NHL plans to withdraw proposal
The NHL will withdraw its latest proposal to the NHL Players' Association after Thursday's deadline passed without a new deal in place.
There were no talks held again Thursday and none have been held since last week's NHL proposal and counter-proposals from the NHLPA.
"When we delivered the proposal last Tuesday, we told them it would be on the table through today," NHL deputy commissioner Bill Daly told ESPN.com Thursday afternoon. "Having not reached agreement through today, I expect that we'll formally notify the union Friday that the proposal is no longer on the table. We're going to take it back internally and figure out where we go from here."
The league will officially notify the union it's withdrawing its offer sometime Friday morning.
Daly was also quick to stress that he wasn't threatening the players in any way, but underlying what the league expressed to the NHLPA last week when it delivered the proposal.
"This proposal no longer works because it was a proposal to save 82 games," Daly said. "We have to re-think where we are, and what type of season we're looking at, and we have to formulate and construct a proposal that makes sense for the reality of where we are."
Since rejecting the union's trio of offers in Toronto last Thursday, the league has maintained that they will not meet unless the NHLPA agrees to work off their last proposal, which included a 50/50 revenue split and a provision to "make whole" existing player contracts by using deferred payments.
Earlier this week, the union's attempt to re-ignite negotiations -- the NHLPA requested a meeting with the league without preconditions Tuesday night -- was spurned.
NHLPA executive director Donald Fehr said he was not surprised the league said it would withdraw the offer.
"This is a standard approach. I think it was done in the NBA in the same way," Fehr told ESPN.com Thursday. "Review the history here: They make a proposal, it's essentially a take it or leave it, we respond on the core economics, they take 10 minutes and say no. They tell all the players if we're agreeable to everything except the Make Whole (provision), including all the stuff that's in there, I can give Gary a telephone call. And then we have made several efforts, including yesterday, to say we're prepared to sit down and negotiate with no pre-conditions. They essentially said 'No.'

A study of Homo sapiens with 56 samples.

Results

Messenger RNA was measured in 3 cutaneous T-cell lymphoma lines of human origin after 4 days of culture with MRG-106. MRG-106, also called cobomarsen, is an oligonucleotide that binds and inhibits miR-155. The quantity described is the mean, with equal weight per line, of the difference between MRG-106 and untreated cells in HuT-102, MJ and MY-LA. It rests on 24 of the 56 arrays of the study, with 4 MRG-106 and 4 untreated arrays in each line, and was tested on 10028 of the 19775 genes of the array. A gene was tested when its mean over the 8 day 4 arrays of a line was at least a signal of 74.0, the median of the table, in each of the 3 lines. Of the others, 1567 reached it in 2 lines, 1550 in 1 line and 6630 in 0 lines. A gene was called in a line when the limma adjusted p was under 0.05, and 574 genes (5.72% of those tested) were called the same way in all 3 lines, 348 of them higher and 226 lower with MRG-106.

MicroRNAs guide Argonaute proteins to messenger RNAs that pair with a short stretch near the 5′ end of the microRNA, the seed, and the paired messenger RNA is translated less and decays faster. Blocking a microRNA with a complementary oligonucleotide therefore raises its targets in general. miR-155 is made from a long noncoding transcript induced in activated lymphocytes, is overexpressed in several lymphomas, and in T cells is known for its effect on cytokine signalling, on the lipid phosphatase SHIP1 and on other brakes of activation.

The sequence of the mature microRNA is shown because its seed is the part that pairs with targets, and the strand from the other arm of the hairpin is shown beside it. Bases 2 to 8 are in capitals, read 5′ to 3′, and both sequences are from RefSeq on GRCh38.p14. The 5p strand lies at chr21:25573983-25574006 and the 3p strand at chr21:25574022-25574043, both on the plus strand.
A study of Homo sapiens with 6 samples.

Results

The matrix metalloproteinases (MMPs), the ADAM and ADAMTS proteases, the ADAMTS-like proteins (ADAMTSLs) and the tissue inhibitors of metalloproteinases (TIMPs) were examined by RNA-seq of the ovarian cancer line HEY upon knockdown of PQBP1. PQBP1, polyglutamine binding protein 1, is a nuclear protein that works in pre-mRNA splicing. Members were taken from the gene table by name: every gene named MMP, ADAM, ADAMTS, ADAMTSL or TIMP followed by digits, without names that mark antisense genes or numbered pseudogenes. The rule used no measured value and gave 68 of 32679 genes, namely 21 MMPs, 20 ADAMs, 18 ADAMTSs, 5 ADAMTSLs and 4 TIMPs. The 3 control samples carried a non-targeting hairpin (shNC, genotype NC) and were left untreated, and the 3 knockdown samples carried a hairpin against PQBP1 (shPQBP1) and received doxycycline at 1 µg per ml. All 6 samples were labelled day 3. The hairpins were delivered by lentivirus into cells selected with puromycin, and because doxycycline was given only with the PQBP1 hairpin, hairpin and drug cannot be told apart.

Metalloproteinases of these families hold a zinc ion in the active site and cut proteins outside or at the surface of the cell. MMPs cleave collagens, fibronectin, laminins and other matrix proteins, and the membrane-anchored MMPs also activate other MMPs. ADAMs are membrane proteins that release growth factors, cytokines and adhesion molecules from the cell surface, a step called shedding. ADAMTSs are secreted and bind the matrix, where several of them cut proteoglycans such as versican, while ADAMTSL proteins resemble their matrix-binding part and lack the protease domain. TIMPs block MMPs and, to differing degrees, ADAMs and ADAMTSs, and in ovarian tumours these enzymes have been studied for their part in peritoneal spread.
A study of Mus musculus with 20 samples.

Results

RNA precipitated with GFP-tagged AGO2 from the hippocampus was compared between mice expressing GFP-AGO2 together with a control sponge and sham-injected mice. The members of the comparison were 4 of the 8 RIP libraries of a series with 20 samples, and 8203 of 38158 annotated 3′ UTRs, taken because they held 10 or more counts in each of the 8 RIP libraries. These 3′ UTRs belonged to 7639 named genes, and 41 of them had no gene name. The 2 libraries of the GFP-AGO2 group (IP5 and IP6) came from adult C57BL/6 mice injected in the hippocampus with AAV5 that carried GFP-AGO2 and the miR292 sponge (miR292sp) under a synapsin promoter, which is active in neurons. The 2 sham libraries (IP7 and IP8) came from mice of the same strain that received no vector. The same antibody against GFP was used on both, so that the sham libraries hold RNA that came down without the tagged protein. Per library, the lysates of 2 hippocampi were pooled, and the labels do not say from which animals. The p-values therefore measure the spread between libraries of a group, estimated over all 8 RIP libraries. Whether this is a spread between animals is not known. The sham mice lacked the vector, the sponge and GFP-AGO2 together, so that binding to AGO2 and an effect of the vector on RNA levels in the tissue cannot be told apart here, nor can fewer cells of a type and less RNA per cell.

"It takes two to negotiate. They seem to be really good at imposing deadlines and issuing ultimatums and having lockouts. It seems to be something they're well-practiced at."
The offer -- which was a six-year offer with a mutual option for a seventh year -- also featured five-year long-term contract limits, strict constraints on back-diving deals, two-year entry-level contracts and unrestricted free agency at age 28 or after eight years pro.
What's next? More NHL games will no doubt get canceled.
"Obviously those decisions are imminent and we're going to have to do what we have to do," said Daly.
While Daly would not say exactly, it's expected the NHL will cancel games for all of November on Friday.
The Winter Classic and All-Star Game are not expected to be part of that announcement, although they could be axed as early as next week.
Asked about the danger of losing the annual outdoor game, commissioner Gary Bettman said Wednesday that a decision will be "very soon."
"I'm not going to give you an exact timetable, but at some point in November," he said. "We will have to commit many millions of dollars to get ready for the Winter Classic, so if there's still uncertainty, we're going to have to make a decision and my guess is, we're not going to commit those dollars unless we have certainty."
Once more games are canceled, it obviously diminishes the chances of playing a full season, although it's not entire impossible if a deal can be reached as early as next week.
"The object is to get a settlement as soon as it's possible to get one and to play as much up to 100 percent of the season as much as it's physical to play," Fehr said. "That obviously is going to be the objective or at least it always has been on the players' side."
Fehr reiterated his much-repeated stance that the NHL has not offered anything that would appease any player to sign off on a deal.
"It's pretty difficult, quite frankly, to come to a conclusion as to what in the world the owners expected the players to do given the positions that they took. Remember, it's massive concessions last time, enormously increased revenues, no real articulation of why they want what they want except that somebody got it in the other sports, they mumble about fair opportunity to make a profit everywhere but there's no specifics attached to that," he said. "... So when we ask the question to players, when they ask it of me, when we ask it across the table, when we ask it to people in your business (media), what is there in this deal for the players? Everybody sort of looks up at the stars and scratches their heads and no answers come forth. So it's hard to figure out. Maybe this is all part of an orchestrated approach."
ESPNNewYork.com's Katie Strang contributed to this report.